One of the UK’s most popular flowering plants, hydrangeas come in a variety of shapes and sizes. Easy-to-grow and relatively maintenance-free, most are grown in borders as medium-sized shrubs. But there are also compact varieties that are small enough for patio containers and those that grow into magnificent climbers.
The key to pruning your hydrangea is knowing which variety you have. Apart from the climbers, which are pruned in summer, most are pruned in early spring. But while the timing of annual pruning remains the same, the method is different depending on the type you grow. Here’s how to identify the best method for pruning the hydrangea that you have.
When it comes to pruning, the two main varieties of hydrangea are: those that produce blooms on the previous year’s growth (old wood); and those that produce flowers on new growth. Both types are best pruned in February-March, but the method is different for each.
Whichever type of hydrangea you have, regular pruning helps to maintain a good shape and rejuvenates the plant by encouraging plenty of new growth. And it’s this strong, new growth that ensures you have lots of large, healthy flowers to enjoy in the years to come.
Hydrangea macrophylla cultivars, including the most popular mophead and lace-cap varieties, produce flowers on last year’s old wood. You can deadhead these (especially the hardy lacecap varieties) after they’ve flowered in the summer by cutting the stems back to the next pair of strong, healthy buds. However, it’s best to leave the faded blooms in place over the winter to protect tender new buds from frost damage. Most gardeners choose not to remove flower heads until spring, just to be sure.
For established plants, it’s good practice to remove any crossing, dead or weak stems, and to cut one or two of the oldest stems right back to the base each spring. These will then be replaced by strong new growth, continually rejuvenating the shrub over time.
Wondering how to tackle a neglected hydrangea? Most shrubs will tolerate a hard prune back to a low framework of stems in the spring, but doing this will mean that you won’t get any flowers that summer.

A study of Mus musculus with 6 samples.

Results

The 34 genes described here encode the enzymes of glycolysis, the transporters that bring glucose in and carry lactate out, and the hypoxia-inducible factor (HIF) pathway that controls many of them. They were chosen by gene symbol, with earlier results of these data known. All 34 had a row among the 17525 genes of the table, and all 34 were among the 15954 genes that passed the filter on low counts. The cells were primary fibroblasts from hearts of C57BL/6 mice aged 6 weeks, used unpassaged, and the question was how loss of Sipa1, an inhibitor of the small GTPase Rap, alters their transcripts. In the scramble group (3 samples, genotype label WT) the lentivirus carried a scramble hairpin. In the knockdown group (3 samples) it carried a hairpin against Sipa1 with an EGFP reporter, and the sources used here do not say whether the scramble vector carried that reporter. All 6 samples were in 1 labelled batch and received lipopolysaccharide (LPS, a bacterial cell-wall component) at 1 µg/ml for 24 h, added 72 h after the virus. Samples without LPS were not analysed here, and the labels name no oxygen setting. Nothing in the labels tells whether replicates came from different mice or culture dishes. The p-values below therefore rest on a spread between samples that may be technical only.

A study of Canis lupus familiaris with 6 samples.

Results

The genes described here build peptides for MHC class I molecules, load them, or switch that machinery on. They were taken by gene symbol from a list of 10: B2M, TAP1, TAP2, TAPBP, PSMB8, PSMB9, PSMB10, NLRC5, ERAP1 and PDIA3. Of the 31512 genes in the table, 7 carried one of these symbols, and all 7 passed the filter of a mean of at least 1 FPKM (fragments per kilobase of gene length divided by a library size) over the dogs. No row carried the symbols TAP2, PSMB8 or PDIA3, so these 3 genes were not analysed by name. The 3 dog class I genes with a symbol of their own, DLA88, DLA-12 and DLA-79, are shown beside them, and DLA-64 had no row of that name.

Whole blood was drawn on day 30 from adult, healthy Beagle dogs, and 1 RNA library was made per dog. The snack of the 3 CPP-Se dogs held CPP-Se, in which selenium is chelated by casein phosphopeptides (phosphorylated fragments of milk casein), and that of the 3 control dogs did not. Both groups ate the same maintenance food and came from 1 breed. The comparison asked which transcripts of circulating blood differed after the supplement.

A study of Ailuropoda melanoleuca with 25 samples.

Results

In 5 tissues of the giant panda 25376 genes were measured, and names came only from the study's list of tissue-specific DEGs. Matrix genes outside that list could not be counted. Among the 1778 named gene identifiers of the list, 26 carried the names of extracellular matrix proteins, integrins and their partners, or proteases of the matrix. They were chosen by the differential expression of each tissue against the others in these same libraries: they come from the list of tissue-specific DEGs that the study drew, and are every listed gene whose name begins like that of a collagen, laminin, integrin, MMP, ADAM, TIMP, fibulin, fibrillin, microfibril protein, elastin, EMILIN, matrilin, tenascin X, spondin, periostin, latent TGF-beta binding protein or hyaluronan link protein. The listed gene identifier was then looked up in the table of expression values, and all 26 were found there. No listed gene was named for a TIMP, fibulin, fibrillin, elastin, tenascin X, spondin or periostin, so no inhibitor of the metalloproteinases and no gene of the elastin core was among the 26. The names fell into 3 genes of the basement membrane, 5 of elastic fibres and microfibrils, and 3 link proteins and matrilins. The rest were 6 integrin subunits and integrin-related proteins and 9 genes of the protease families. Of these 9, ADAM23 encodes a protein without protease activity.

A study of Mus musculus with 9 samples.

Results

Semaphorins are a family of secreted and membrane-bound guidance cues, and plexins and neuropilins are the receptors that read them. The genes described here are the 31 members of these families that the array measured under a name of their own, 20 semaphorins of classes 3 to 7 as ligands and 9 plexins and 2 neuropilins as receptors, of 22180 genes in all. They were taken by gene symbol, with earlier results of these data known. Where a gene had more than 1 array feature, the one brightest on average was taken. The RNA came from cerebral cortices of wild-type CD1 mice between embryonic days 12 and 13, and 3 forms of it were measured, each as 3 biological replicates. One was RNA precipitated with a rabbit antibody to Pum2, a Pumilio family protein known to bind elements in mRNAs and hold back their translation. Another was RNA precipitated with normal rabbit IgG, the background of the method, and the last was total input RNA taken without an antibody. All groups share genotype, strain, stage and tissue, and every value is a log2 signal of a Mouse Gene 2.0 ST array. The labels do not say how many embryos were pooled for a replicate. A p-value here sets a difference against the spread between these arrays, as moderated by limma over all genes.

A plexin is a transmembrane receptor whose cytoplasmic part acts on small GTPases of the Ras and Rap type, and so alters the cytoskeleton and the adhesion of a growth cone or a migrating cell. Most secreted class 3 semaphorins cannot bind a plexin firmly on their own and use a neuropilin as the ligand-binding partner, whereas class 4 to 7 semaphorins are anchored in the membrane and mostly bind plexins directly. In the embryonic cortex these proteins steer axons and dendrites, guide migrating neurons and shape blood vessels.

H.paniculata and H. arborescens flower on shoots made in the current season of growth. It’s best to prune these shrubs in February-March so that there’s plenty of time for the plant to grow strong, new, upright stems on which the large flowers will appear later that summer.
You can prune all of the old branches of these shrubs back to the lowest pair of healthy buds near ground level, creating a neat framework. If your shrub has been allowed to grow a main trunk for extra height, simply prune the old stems back to it.
If you don’t prune these hydrangeas, you’ll notice that your shrub begins to look like a tangled mass of stems and the flowers get progressively smaller each year.
While most hydrangeas are pruned in early spring, climbing hydrangeas are the exception and should be pruned immediately after flowering in summer. Simply remove the faded flower heads, cut back any dead or straggly stems, and shorten any wayward shoots to contain them in their space.
If you need to give your climber a light trim earlier in the year, prune the top as lightly as possible. Most of the new flowers will appear towards the top of the plant and you don’t want to lose them. If you need to reduce the size of an established climbing hydrangea more dramatically, try to do it over the course of several summers so that flowering is not affected too much.
You should now have all the information you need to keep your hydrangeas in excellent shape and covered in bloom. Head over to our hub page and find all our hydrangea resources and growing guides in one place.